March 18, 2020

Beau Fryer

I decided two years ago that I wanted to become a Primary School teacher. I gave myself the luxury of two years to plan out my finances and to do some research, to make sure that I enrolled on the best possible course for me. I spoke with several of my teacher friends and I was advised that the BA (Hons) Primary Education with QTS might be the most suitable course for me. An integral part of the degree is the school placements and as it has always been my desire to teach in or around the Cardiff area. The fact that I would have the opportunity to build contacts and learn how the schools in my local area taught was a deciding factor for me in choosing Cardiff Met.

So what is it like to study the course? Here’s my journey so far…

The application process through UCAS was fairly standard to me, until it came to the interview stage. Prior to the interview you are asked to explain why you would like to get into teaching and then to prepare a 10 minute lesson suitable for a group of your peers. This got me into the mind frame of planning and preparing for public speaking straight away. I decided to teach a brief Spanish lesson on the links between English and Spanish words so that by the end of it learners could unlock several hundred Spanish words through a slight mutation of English words. After the interview and micro-lesson I felt enthused and elated. After carefully expressing the reasons why I wanted to teach to the interview panel I felt motivated. After the interview I found out I was successful in securing a place and couldn’t wait to get started in September.

We study through a combination of lectures and seminars. The seminars have been invaluable and help prepare you for your classroom experiences.

The start of Year One focused on Child Development theory, Exploring Play and the 2021 Curriculum and an in-depth look at the Areas of Learning that you’ll be expected to teach when you are a fully qualified teacher. The modules are taught through a mixture of lectures where the lecturer highlights new theory or techniques to consider and then suggests further reading to expand on what has been discussed.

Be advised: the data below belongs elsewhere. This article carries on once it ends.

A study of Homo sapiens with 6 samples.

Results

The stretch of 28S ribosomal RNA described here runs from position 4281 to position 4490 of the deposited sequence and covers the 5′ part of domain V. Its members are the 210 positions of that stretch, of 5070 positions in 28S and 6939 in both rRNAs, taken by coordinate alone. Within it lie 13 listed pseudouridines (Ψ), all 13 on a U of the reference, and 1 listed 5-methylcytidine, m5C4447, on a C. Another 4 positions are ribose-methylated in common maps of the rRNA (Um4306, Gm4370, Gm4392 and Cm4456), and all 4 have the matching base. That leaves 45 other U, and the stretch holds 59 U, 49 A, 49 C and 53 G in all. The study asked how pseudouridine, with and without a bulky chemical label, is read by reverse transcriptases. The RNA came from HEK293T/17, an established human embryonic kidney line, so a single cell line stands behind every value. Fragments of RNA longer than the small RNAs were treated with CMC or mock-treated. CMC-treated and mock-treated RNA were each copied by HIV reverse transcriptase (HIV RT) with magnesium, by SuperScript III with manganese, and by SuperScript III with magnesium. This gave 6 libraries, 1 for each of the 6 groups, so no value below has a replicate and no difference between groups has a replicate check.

Following the lectures there are seminars with small groups that remain the same for the duration of the year, and these have proved invaluable as it is much easier to make friends in these groups than it is to whilst at constant lectures. The purpose of the seminars is to discuss and unpick what has been covered in the previous lecture. In these seminars we have received hands on experience with software and applications that can educate and inspire children, most of which I would never have stumbled across otherwise! These seminars also cover subjects such as science, literacy, numeracy, music and art. In these seminars we are not only taught about these subjects and expanding our knowledge we are also shown how to teach it from content experts that have taught these subjects for many years. The seminars have been really interesting and helpful in preparing you for your upcoming school experiences.

I was initially nervous about going on school placement, but I’ve quickly become comfortable in the classroom.

This brings us on to the school placements, something that I was initially very nervous about. Placements for the course begin in the middle of November just a few weeks before we break up for Christmas. This in my opinion was excellent timing as if they started in January I fear that I would have worried about it over the Christmas break! During the first year of the course you are not expected to teach but to observe and learn about the ordering and management of a classroom through shadowing experienced teachers in the local area. All of the theory that is covered in the first few months of lectures now becomes apparent in the observations, and by seeing it first-hand it encourages you to read up on the theory and draw your own conclusions.

Free of the pressure of having to teach and manage a classroom I have quickly become comfortable there and built up an excellent rapport with the class. Even though I am only expected to observe – it was near impossible not to want to get stuck in! This gradual involvement in the classroom has already led me to teaching a 20 minute micro lesson on Geography to Year 4 children which I really enjoyed.

As the first year of the course draws to an end I can hand-on-heart say that I made the best decision for myself. I didn’t think that I would say this after such a short time but I’m really looking forward to Year 2 and excited to begin lesson planning and being back in the classroom next year.